Reading Comics The Cheaper Than Cheap Way: Free!

Earlier on this site, I talked about how to read comics on a limited budget, but the question I propose now is how do you read comics on no budget?

Let me start out by saying I don’t endorse the pirating of comic books. With other arts and entertainments, the ethics of pirating are stuck pretty firmly in a grey area, but with comics, it shouldn’t be done. It hurts the industry far too much. If comics don’t get enough sales, what happens? Not only are the comics canceled, but more often than not the creators find it necessary to kill off the characters as well (i.e. the past deaths of Aquaman, Green Arrow, and Silver Surfer). Plus, comic book shops don’t do well financially, and more and more close each year, in part because of the ease of paying for digital comics, or when that fails, pirating scanned copies.

That being said, there are other ways of reading comics for free that aren’t so bad. The big one is to use your local library. Graphic novels have shown a huge rise in popularity over the past ten years, and you’d be surprised by the range of material you can find for the price of a library card (normally free). Everything from Little Lulu to Green Lantern to The Walking Dead I’ve read at no cost thanks to my favorite government institution.

Here’s a guilty pleasure I’ve acquired: reading comics for free at Barnes and Noble. In reality, Barnes and Noble wants people to spend large amounts of time in their store, hence the comfy seats, the free wi-fi, and the lack of clocks. In most cases, if a person starts reading a book in the store, it’s very possible they’ll like it so much they’ll buy it. Comics on the other hand can be pretty easily be read in the store. If I set my mind to it, I can read an entire issue in less than five minutes. If I read it in the store, it saves me a cool $3 to $4. I hate to admit this, but yesterday I read 5 comics after buying a tall coffee (basically the cheapest item at Starbucks) so at least I contributed something to profits.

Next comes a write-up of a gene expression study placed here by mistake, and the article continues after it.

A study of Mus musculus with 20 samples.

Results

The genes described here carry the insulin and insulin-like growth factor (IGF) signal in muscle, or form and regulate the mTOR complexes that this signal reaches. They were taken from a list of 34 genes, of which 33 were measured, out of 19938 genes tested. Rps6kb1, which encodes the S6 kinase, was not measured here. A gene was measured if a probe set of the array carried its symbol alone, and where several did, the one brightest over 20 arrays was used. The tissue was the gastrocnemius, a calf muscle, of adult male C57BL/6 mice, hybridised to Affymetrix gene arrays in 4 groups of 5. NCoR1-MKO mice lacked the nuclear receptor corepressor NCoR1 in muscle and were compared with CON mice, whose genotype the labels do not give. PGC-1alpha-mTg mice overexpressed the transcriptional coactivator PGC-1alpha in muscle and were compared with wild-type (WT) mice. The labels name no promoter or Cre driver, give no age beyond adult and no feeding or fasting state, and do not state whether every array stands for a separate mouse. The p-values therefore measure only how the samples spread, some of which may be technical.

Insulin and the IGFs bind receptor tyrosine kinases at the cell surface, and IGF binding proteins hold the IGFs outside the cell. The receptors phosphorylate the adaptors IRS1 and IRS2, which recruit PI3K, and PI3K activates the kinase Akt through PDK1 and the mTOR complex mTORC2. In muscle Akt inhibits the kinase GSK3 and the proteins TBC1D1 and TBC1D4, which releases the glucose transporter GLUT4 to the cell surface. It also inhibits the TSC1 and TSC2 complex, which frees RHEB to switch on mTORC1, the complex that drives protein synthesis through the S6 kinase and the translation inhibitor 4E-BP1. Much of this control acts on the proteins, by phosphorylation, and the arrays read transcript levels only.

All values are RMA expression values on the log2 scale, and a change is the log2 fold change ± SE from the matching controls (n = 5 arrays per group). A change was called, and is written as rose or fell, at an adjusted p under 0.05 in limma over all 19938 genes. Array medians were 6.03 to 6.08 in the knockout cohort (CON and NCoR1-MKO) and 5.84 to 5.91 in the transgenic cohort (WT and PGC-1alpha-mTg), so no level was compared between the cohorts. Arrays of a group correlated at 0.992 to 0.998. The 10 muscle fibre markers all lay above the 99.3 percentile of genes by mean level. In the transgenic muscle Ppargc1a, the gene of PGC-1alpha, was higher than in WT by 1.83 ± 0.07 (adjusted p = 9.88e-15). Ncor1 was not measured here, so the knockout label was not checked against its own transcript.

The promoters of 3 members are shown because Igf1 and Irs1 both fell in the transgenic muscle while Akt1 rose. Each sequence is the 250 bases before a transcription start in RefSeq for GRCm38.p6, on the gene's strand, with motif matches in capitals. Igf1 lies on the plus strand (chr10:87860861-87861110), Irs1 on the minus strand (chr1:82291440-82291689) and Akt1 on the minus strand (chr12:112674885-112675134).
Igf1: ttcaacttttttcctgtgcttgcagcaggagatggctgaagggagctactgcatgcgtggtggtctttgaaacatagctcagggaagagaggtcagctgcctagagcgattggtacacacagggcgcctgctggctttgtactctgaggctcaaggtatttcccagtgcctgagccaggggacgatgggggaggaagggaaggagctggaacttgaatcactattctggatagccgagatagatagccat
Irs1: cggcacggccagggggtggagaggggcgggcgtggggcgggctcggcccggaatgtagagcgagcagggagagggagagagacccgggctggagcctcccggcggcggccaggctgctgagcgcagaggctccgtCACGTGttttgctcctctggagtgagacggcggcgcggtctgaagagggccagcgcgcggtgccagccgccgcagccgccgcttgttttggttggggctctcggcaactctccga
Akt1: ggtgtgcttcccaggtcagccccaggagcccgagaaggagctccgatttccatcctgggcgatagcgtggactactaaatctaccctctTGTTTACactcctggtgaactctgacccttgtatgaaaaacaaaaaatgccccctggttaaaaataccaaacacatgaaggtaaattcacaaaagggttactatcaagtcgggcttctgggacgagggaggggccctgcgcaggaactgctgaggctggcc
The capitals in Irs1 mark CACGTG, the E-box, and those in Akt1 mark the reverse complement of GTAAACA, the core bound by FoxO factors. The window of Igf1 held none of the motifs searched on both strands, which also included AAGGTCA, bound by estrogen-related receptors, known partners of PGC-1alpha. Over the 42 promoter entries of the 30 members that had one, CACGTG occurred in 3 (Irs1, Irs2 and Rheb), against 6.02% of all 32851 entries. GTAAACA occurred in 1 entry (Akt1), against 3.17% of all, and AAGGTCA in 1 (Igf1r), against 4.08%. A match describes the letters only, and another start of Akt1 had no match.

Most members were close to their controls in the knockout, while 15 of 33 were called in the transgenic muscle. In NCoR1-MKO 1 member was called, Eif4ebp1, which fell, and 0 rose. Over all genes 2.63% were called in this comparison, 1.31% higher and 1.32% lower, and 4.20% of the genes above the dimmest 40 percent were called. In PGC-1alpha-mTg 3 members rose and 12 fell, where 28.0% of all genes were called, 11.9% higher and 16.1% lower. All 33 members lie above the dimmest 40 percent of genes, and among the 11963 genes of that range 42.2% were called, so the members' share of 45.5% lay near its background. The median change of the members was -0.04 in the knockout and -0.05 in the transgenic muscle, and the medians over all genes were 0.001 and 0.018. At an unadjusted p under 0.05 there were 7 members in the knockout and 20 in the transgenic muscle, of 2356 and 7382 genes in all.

The way I see it is, reading a comic or two at a book store isn’t ripping off the publishing company. It gives you a chance to read series that you’re not sure about. For example, while reading in the store, I decided I really liked the current directions of Ultimate X-Men, Uncanny X-Men, and Green Lantern, so I wouldn’t be surprised if I started buying those in the future. To my surprise, I also found out I didn’t much care for Green Lantern: New Guardians (although it features my favorite GL Kyle Rayner) or The Defenders (although it features one of my favorite writers, Matt Fraction).

Here’s a similar way to read comics for free (almost). If you go to Starbucks with your laptop (wi-fi) or tablet, you can access the Marvel.com digital library containing more than 10,000 comics. Your conscience will probably insist you buy a drink. Might I recommend the tall coffee?

Another way to read comics for free is to simply look up webcomics average people have made. Lots of people have loaded their own handdrawn work online for no price except the occasional compliment. I’ve even put some of my attempts at making comics on my Flickr site. The quality of free webcomics drastically varies.

—If you’re looking for a book to read that’s nearly free, check out my novel A Rapturous Occasion, which is currently available as an ebook for $0.99! 

Do you have any suggestions of how to read comics for free without pirating?